I was remembering some of the many books I have read over the years that related back to my time as an Active Birth/PreNatal Teacher and Baby Massage Teacher. This photograph reminded me of Frederick Leboyer's wonderful book called 'Loving Hands: The Traditional Art of Baby Massage'. It is mostly pictorial but it got me thinking about other world traditions and baby massage.
As Deepak Chopra says "It is the nature of babies to be in bliss." and as parents it is our rôle, our dharma to ensure that bliss - through massage.
Here is a short list of some of the fascinating reasons that baby massage is practised in other countries
Balinese, Mongolians & Australian Aborigines massage to relieve headaches and stomach aches.
China they believe that even babies can benefit from increased blood flow to different parts of the body through massage.
Cuba mothers massage babies' abdomens with oil and garlic to ease upset stomachs.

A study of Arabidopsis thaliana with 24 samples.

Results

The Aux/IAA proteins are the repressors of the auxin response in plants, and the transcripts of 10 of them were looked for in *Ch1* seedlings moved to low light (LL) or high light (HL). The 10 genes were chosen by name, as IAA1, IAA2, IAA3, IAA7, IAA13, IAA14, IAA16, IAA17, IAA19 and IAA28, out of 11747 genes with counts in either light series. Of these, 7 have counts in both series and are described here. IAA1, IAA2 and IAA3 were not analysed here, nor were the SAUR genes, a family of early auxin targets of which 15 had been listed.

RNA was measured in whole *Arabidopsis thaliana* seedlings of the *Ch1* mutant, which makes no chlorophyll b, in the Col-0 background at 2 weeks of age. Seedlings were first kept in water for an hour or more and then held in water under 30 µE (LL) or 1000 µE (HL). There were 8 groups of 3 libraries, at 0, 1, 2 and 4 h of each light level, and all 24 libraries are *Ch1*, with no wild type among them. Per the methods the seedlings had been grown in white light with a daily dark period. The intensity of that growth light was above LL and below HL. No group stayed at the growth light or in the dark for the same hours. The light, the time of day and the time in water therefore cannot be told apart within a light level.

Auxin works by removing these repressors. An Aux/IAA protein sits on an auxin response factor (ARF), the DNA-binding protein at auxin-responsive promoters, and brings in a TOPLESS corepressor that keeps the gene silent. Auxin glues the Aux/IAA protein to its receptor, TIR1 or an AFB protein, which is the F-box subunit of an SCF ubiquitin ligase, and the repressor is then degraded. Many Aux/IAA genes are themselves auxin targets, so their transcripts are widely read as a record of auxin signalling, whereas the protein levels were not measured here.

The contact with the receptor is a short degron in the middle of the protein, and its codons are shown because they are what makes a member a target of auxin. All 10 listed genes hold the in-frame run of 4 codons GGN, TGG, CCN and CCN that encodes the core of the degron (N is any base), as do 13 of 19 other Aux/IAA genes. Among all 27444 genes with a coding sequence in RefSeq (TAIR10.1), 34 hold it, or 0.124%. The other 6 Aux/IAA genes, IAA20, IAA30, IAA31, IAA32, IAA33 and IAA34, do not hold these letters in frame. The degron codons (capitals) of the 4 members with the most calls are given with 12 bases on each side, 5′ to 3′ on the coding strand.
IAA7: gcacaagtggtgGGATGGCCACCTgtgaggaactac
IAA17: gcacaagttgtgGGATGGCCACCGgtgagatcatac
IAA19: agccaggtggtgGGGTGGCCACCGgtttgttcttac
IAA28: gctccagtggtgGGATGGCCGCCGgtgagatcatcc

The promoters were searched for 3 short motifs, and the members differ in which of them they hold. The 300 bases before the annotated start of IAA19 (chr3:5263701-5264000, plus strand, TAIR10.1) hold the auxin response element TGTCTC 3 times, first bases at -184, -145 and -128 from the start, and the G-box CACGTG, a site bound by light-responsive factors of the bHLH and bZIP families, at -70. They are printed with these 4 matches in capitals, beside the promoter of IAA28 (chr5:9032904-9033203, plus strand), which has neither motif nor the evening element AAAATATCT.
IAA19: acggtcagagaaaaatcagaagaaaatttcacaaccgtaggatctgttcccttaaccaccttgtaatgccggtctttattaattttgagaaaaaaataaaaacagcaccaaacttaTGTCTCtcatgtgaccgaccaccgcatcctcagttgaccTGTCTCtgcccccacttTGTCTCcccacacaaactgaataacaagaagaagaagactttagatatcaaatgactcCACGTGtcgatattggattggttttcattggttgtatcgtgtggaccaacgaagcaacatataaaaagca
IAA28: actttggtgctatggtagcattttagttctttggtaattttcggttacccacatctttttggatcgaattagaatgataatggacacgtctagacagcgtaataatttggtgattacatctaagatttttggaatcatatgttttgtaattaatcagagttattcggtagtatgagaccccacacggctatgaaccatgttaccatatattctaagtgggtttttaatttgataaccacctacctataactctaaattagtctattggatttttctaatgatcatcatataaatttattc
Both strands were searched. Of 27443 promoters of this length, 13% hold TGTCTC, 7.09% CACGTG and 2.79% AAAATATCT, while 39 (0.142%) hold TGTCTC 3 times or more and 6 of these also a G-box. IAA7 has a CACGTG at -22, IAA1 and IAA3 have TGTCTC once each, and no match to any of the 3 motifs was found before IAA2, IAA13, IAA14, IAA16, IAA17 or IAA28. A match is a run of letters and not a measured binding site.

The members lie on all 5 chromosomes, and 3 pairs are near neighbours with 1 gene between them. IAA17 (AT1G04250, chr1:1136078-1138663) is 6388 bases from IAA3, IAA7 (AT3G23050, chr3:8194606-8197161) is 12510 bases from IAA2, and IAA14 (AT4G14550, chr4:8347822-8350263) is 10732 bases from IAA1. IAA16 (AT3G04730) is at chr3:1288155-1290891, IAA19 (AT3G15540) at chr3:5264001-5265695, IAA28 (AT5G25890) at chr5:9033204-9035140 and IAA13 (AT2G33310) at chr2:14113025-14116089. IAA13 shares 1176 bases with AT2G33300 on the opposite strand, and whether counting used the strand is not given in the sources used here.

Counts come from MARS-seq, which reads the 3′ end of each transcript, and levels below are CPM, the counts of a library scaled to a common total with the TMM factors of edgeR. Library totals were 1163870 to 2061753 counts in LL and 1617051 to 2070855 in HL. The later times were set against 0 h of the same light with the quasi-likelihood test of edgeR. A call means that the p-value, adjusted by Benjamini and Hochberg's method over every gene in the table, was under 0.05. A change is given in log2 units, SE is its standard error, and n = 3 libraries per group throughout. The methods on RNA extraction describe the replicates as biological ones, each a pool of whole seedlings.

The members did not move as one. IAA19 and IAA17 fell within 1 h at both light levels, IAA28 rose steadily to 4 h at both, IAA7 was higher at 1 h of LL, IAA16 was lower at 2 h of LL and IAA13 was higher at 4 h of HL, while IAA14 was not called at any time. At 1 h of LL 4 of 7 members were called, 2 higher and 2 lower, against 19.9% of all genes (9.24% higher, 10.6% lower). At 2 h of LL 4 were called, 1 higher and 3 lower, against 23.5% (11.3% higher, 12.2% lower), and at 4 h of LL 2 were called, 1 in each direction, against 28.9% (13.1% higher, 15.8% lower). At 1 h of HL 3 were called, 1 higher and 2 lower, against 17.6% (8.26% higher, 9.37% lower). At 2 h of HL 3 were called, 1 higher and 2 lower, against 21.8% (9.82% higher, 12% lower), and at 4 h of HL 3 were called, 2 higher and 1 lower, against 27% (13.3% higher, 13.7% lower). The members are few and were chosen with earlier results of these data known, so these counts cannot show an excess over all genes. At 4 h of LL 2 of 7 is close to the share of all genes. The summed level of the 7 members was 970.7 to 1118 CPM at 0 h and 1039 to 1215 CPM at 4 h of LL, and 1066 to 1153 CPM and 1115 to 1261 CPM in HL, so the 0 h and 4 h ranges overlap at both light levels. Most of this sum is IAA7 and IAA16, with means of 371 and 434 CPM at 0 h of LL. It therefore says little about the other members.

Fiji - parents massage a baby as a night time ritual.
Hawaii - mothers massage their baby’s faces as they believe it makes them beautiful.
India - massage is used from birth and older generations massage younger ones.
Korea culture it is believed that massaging the baby's legs routinely will encourage growth and make the babies tall.
Maori - mothers massage leg joints to help a child’s suppleness and gracefulness.
Mexico Zinacantecos believe a baby must be massaged and embraced frequently or he will lose his soul.
Nigeria - mothers massage their infants in belief that it will promote their health and well-being.
Russia - mothers believe massage develops the nervous system.
Samoa - usually massage the baby with either blood from the placenta or the umbilical cord.Some western cultures believe that too much holding and touching can spoil the infant. South Asia - mothers perform daily infant massage in the belief that it will install fearlessness, harden bone structure and enhance movement and limb coordination.
Tibet - parents are told massaging their baby is essential for full development.
Why do you massage your baby? Can you add your cultural tradition to this list?
Going back to books, if you are pregnant or a new parent - and have the time to read - here is another blast from the past book recommendation
'The Continuum Concept' by Jean Liedloff. A look at parenting from a different cultural perspective.